A refocusing of their energies rather than a significant shift in musical direction, it was as confident and meaty a body of work as any in post-hardcore so far this decade, and reaffirmed their status as an underappreciated band. Their rich run of form continues with follow up ‘I Am Alive in Everything I Touch’, another concept album this time sorted into four geographically themed chapters. An eternal trap for records of this ilk is for thematics to overwhelm songwriting, and thankfully for fans this is certainly not the case. This band’s strength has consistently been the humanity and approachability deeply rooted in their music, and it shines through as strong as ever.

The bulk of ‘I Am Alive in Everything I Touch’ is easily digestible popcorn post-hardcore, but comes off as neither hackneyed nor melodramatic. ‘Face of the Earth’, ‘Buried At Sea’ and more omit the monotone open-note hammering that’s standard fare for the genre nowadays in favour of melodic riffs and simple but never obvious guitar patterns, the rhythm section likewise shining without ever really taking prominence. Shane Told’s vocals are perfect for the music because of the force of will he injects into each line, perfectly exemplified on the screams of the album’s title on “Millstone”. He also has a knack for very visual lyrics ideal for the narrative concept. “A Midwestern State of Emergency” is the best example among a batch of choruses straightforward in melody but made immeasurably more interesting by the words applied to the melodies.

Tonally consistent though this 40-minute production is, it has enough variety to keep the listener on their toes. “Heaven, Hell and Purgatory” is a strikingly heavier cut, while “In the Dark” becomes particularly dense and (enjoyably) suffocating as its unorthodox choruses build to an intense bridge. On the other end are the ballads: “Late on 6th”, wrapped in melancholia and concluding with a heart-on-sleeve denouement; and, in an ode to a city very important to Silverstein, closer “Toronto (Unabridged)”. The latter moves between acoustic soul searching and an orchestral-tinged major key chorus in a manner that perfectly fits its conflicted lyrics.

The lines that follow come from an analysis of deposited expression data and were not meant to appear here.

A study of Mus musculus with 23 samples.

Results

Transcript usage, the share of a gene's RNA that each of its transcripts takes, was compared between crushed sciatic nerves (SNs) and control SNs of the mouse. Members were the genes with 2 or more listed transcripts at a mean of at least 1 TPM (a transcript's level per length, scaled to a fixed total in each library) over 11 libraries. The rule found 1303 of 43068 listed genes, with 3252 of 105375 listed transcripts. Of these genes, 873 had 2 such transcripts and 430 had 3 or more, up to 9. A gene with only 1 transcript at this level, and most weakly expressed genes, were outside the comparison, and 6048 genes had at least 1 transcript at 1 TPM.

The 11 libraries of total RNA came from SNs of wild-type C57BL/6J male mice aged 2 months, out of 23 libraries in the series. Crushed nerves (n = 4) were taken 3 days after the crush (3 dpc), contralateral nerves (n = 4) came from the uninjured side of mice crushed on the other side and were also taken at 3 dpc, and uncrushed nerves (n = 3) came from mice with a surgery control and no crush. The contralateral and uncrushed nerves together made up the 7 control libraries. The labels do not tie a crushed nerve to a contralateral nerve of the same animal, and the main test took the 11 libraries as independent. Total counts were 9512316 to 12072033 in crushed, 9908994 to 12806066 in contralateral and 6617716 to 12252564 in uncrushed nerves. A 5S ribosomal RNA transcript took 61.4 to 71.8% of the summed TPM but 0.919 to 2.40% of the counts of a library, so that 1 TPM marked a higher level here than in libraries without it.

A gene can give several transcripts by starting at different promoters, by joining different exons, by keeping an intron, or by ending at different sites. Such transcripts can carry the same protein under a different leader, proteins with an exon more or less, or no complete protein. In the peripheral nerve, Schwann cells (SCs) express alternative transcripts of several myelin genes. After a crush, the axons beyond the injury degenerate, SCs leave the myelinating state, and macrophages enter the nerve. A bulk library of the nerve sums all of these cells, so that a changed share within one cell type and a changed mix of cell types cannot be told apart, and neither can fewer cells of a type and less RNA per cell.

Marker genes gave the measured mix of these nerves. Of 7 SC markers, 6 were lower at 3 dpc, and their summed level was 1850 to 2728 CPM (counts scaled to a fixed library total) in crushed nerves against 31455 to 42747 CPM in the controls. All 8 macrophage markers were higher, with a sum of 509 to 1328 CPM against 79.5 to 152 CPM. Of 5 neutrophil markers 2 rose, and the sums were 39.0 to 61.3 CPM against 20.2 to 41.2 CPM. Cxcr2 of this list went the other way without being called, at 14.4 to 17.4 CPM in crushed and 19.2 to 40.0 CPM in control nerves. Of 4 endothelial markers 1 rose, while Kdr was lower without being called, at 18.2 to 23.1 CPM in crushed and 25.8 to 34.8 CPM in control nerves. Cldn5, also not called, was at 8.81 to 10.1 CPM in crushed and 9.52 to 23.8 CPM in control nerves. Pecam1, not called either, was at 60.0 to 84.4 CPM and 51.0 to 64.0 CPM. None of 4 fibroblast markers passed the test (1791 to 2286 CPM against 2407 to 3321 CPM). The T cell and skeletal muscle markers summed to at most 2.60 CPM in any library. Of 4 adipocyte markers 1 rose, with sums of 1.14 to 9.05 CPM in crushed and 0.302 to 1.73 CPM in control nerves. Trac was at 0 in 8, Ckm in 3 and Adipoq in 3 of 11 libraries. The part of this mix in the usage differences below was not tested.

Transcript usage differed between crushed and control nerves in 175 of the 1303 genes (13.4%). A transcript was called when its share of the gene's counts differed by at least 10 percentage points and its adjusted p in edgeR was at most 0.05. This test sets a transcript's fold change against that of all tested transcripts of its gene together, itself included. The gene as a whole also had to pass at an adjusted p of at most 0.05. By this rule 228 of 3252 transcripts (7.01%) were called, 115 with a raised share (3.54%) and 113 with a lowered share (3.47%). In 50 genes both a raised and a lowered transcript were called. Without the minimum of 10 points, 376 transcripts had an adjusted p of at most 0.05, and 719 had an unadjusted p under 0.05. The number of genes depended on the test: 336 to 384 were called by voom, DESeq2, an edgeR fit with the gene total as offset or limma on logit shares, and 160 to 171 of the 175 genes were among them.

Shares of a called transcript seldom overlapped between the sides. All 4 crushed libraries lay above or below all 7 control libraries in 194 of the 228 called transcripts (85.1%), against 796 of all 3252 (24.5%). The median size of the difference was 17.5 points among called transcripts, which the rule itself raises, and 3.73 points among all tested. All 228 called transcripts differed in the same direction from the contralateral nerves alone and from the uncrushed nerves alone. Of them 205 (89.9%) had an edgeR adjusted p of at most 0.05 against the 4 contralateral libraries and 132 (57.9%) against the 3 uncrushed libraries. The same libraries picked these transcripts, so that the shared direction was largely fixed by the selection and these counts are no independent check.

‘I Am Alive in Everything I Touch’ is not an album without shortcomings, one of which is that the brief sample recordings from the cities described in the songs do very little to flesh out the concept. A couple of cuts also fail to live up to the high standard set by the majority, “The Continual Condition” lacking much of merit beside its urgent chorus. ”Desert Nights” brings a more pop rock flavour to proceedings which isn’t unwelcome, but when the more nuanced “Je Me Souviens” deploys a breezy hook that blows it out of the water two tracks later it sounds far less vital to the album as a whole. Nonetheless, this is a concise and well-structured record with neither significant lulls nor overt filler.

Few bands in rock are on as good a run of form as Silverstein are right now, their latest work an effective spiritual sequel to ‘This Is How the Wind Shifts’ and a supremely confident album in its own right. ‘I Am Alive in Everything I Touch’ is one of the highlights of 2015 so far and proves that post-hardcore can still be exciting without the need to drench it in production trickery or cross-genre bells and whistles. Quality, consistent songwriting is enough.